Anonymous Donor Gives $20 Million for Cancer Research at Wake Forest Baptist

June 15, 2015

Wake Forest Baptist Medical Center has received $20 million to study the effects of muscadine grape extract (MGE) on prostate and breast cancers. The gift by a donor who wishes to remain anonymous is the largest ever received by the Medical Center.

The principal investigators of the multidisciplinary study are Patricia Gallagher, Ph.D., and Ann Tallant, Ph.D., professors in the Hypertension and Vascular Research Center and the Department of Cancer Biology at Wake Forest Baptist. The research will involve 26 faculty members from multiple disciplines, including hypertension and vascular research, hematology and oncology, cancer biology, urology, radiology, public health sciences, radiation biology and pathology.

John D. McConnell, M.D., chief executive officer of Wake Forest Baptist, said the gift is an example of how philanthropy makes a difference for an academic medical center, and not necessarily because of the amount involved.

“We are extremely grateful for this generous philanthropic support of our researchers, our Medical Center and our mission, to improve health,” McConnell said. “This demonstrates the role that philanthropy plays for us. This gift was made by an individual who believes in our institution and has a passion for making a profound difference in the lives and health of others.

“While the amount of this gift is historic for us and provides a remarkable opportunity, the work we do as a leading academic medical center would not be possible without support of all kinds from our community and those who believe in what we do.”

The muscadine grape (Vitis rotundifolia Michx.), which is native to the southeastern United States and was the first native grape species to be cultivated in North America, is a rich source of polyphenols, a type of potent antioxidant. The specific type of MGE being studied by Wake Forest Baptist scientists is a new formulation not commercially available that was developed by Nature’s Pearl Corp. of  Advance, North Carolina.

This five-year gift will fund three clinical trials: a Phase I trial to determine toxicity of the extract in patients with solid tumors, and two Phase II trials, one in men with prostate cancer and one in women with triple negative breast cancer, to determine the effect of the extract on reducing metastatic growth and on quality of life issues.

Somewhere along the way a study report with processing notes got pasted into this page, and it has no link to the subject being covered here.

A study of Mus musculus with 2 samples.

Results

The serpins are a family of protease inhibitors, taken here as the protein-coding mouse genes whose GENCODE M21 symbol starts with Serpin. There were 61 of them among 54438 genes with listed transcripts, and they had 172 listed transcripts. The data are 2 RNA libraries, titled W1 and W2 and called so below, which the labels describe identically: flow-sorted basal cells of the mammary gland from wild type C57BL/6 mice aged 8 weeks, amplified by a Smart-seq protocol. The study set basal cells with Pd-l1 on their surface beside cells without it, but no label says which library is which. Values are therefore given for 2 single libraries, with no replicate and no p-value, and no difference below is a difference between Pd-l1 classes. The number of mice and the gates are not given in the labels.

In addition, the gift will support a preclinical study (animal model) on the treatment of breast cancer with MGE; preclinical studies to determine the molecular mechanisms for the reductions in tumor growth; the effect of co-administration of the extract with radiation and chemotherapeutics commonly used to treat breast and prostate cancer; and the effect of the extract on co-morbidities, which are often present in patients with prostate and breast cancer.

“This generous gift is transformative in that it allows us to develop an all-inclusive study to determine the potential benefits of this kind of muscadine grape extract for the treatment of these two cancers,” Gallagher said.

In previous studies, Gallagher and Tallant investigated the effect of muscadine grape extract on the growth of human cancer cells in the laboratory, including lung, breast, glioblastoma, melanoma, prostate, leukemia and colon. The scientists found that the extract inhibited the growth of the cancer cells tested by 40 to 50 percent.

More importantly, in a prevention study, female mice engineered to develop breast cancer had reduced tumor formation after drinking the extract (a dose equivalent to about 10 tablespoons for an average-sized man) for seven months. In a lung cancer model of fetal exposure, the tumor burden also was decreased by 50 percent in the female offspring but not in the males after drinking the extract for a year. In both mouse models, the muscadine grape extract reduced the number of blood vessels feeding the tumor.

“A gift of this magnitude can dramatically accelerate the pace of this promising research,” said Edward Abraham, M.D., dean of the Wake Forest School of Medicine. “We are more likely to see clinical trials in place much sooner because of this investment, and any potential benefits that may be identified would be passed along to patients sooner than would otherwise be possible.”